Gold prices slipped Monday as stocks headed higher in a relief rally pinned on hopes the U.S. may not be dragged into a deeper conflict with Syrian allies Russia and Iran, cutting demand for haven assets overall.
June gold GCM8, -0.08% eased $1.70, or 0.1%, to $1,346.30 an ounce. As geopolitical concerns and trade-picture uncertainty dogged financial markets, gold had logged mild back-to-back weekly gains through Friday, according to FactSet data. But inconsistency persists; prices had climbed nearly 1.1% on Wednesday to the highest finish since late January, only to fall back by 1.3% Thursday.
Gold fell to start the new week even as the dollar mostly weakened, snapping their typically inverse relationship. The ICE U.S. Dollar Index DXY, -0.31% which measures the greenback against six major rivals, traded down 0.3% at 89.53. U.S. stocks, meanwhile, were expected to open with considerable gains.
Markets have tempered their reaction to news the U.S. joined with allies France and Britain to launch missiles late Friday that destroyed much of Syria’s chemical-weapons capabilities. The strikes left much of President Bashar al-Assad’s conventional military facilities intact, easing fears of an escalation in tensions with Russia, a backer of Syria’s regime. On Sunday, Assad’s forces unleashed airstrikes against local rebels in what is seen as an intended demonstration of his regime’s continued strength.
Still, Russian stocks and related exchange-traded funds were under some pressure in after reports the Trump administration will target the country with more sanctions, this time based on companies linked to the Assad regime and chemical weapons.
Gold is “reacting hardly at all to the U.S.-led military strike against Syria which, according to U.K. Foreign Secretary Boris Johnson, was a one-off action, with no further attacks planned. What is more, market participants appear to be attributing little weight to the announcement of Nikki Haley, the U.S. Ambassador to the United Nations, who said that the U.S. will impose further economic sanctions on Russia for its role in Syria,” said Carsten Fritsch, commodities analyst at Commerzbank.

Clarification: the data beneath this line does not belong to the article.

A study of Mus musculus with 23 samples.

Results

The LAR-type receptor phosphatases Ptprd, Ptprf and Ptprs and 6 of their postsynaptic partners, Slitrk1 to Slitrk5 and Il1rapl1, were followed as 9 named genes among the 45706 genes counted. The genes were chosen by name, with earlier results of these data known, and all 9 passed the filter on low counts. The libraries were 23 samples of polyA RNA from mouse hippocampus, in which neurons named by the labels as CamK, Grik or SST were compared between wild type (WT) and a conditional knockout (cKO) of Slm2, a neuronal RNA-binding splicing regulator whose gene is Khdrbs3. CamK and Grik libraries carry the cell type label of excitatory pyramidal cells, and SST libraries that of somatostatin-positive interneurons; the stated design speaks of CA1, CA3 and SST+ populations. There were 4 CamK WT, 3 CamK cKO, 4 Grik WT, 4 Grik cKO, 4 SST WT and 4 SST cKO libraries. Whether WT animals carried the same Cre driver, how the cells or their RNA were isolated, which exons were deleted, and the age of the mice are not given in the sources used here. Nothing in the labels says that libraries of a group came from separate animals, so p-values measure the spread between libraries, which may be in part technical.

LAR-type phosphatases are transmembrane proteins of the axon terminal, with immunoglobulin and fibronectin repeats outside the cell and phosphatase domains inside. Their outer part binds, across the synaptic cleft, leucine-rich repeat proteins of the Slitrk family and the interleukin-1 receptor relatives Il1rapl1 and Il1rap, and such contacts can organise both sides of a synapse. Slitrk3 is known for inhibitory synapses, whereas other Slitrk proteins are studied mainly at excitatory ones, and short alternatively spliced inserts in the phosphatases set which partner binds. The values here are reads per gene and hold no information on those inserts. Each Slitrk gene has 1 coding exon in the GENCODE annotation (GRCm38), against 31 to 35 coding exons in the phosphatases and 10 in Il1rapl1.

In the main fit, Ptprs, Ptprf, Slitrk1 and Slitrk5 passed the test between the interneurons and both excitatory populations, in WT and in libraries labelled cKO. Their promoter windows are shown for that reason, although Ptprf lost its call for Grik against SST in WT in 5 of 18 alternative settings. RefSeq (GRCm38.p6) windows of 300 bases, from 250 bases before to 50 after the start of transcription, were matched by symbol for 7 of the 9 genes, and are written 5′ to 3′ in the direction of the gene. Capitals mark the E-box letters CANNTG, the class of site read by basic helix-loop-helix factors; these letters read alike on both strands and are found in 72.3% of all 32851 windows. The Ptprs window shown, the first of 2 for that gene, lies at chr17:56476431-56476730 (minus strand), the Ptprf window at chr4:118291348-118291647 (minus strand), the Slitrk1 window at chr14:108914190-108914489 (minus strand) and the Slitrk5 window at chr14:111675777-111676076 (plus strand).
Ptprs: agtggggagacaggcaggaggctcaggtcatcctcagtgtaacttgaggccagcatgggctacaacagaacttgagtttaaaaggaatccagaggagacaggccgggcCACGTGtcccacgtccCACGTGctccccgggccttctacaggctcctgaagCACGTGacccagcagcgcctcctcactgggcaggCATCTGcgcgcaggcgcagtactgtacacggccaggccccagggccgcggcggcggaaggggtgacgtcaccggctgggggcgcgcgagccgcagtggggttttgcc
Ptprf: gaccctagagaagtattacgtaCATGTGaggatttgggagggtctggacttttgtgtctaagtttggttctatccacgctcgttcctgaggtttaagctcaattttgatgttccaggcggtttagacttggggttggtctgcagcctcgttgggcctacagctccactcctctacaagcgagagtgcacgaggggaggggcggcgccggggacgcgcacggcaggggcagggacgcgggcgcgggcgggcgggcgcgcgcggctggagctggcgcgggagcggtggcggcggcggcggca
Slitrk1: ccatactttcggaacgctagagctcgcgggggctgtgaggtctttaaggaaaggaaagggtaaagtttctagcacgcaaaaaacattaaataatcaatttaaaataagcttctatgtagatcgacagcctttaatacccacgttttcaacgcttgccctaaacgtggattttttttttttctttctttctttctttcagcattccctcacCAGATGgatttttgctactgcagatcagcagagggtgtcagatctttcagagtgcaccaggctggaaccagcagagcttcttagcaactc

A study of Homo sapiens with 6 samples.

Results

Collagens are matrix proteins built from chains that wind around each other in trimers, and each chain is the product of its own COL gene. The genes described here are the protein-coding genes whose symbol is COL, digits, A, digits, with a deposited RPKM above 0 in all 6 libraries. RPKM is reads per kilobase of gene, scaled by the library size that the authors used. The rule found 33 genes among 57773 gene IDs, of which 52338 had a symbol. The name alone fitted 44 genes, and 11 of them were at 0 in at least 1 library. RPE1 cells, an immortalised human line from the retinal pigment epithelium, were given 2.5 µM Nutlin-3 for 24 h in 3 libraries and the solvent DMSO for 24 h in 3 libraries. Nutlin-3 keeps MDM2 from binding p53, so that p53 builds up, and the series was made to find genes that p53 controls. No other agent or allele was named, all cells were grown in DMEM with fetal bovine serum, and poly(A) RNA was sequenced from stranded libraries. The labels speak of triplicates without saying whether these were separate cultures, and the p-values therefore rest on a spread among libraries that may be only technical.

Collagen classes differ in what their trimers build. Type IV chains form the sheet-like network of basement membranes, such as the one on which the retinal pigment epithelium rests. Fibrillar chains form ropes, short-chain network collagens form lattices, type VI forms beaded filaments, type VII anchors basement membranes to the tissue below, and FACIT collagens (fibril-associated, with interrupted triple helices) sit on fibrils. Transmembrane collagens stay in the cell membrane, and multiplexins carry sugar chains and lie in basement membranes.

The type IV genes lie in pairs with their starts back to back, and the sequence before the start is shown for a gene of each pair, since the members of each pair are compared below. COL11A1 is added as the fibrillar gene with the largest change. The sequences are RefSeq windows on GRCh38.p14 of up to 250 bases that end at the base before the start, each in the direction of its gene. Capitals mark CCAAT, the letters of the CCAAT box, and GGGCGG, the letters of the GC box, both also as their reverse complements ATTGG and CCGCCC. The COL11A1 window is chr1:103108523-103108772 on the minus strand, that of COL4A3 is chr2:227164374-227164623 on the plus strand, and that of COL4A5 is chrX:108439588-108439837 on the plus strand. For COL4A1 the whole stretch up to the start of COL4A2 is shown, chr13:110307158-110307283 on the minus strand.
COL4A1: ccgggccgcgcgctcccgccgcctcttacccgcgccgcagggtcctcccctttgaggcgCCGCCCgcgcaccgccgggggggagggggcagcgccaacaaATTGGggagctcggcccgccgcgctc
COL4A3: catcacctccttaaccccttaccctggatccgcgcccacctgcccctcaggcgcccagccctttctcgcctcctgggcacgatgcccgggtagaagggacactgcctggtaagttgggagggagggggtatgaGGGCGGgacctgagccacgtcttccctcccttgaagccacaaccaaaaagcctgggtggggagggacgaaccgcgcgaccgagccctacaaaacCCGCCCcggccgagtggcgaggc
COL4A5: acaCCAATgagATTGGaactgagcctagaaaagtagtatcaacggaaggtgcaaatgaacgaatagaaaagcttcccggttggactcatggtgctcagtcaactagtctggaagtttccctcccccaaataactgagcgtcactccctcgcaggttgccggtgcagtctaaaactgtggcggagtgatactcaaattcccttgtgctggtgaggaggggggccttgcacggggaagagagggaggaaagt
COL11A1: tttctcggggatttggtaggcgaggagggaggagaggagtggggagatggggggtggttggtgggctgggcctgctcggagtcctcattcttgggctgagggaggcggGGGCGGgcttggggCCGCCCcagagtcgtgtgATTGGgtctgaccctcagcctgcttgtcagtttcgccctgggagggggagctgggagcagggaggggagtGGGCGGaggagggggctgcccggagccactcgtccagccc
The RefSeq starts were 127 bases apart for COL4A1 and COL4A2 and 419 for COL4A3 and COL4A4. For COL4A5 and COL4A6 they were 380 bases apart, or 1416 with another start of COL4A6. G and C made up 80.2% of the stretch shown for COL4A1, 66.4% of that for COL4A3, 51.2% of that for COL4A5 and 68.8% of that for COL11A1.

Haven demand for gold may be showing up in ETF flows, however, he said. Gold ETFs registered inflows of 16.6 tons last week and of no less than 36 tons since the beginning of the month, the Commerzbank team noted. This is already nearly twice as much as in all of March. By contrast, speculative financial investors left their net long positions more or less unchanged in latest week. “Investors are slowly beginning to show increased buying interest in response to the geopolitical risks and resulting uncertainty,” Fritsch said.
May silver SIK8, -0.23% futures slipped 0.3%, or about 5 cents, to $16.61 an ounce. The contract put up a roughly 1.8% weekly gain last week.
As the interest-rate watch continues, reports on retail sales in March, with and without autos, are scheduled for release at 8:30 a.m. Eastern Time. Economists polled by MarketWatch forecast a gain of 0.4% for the overall figure, which would mark the first rise in four months.
The Empire State Manufacturing Survey for April is due at the same time, while the home builders’ index for the same month is scheduled to come at 10 a.m. Eastern. A reading on business inventories in February is expected at 10 a.m. Eastern, too.
Atlanta Federal Reserve President Raphael Bostic will kick off a busy week for Fed appearances on Monday as he’s expected to speak on the economy and rural market trends to the Shoals Chamber of Commerce in Florence, Alabama, at 12:15 p.m. Eastern Time.
Meanwhile, Minneapolis Fed President Neel Kashkari said he expects the central bank will soon reach its 2% objective, making it easier to push on with interest-rate hiking plans, in an interview with The Wall Street Journal that was published Monday.
In other metals trading, May copper HGK8, +0.44% rose 0.3% to $3.079 a pound after settling up 0.4% on the week. July platinum PLN8, -0.20% shed 0.1% to $932.00 an ounce after a weekly rise of 1.7%. June PAM8, +0.38% ended at $984.35 an ounce, after surging about 9.6% for last week.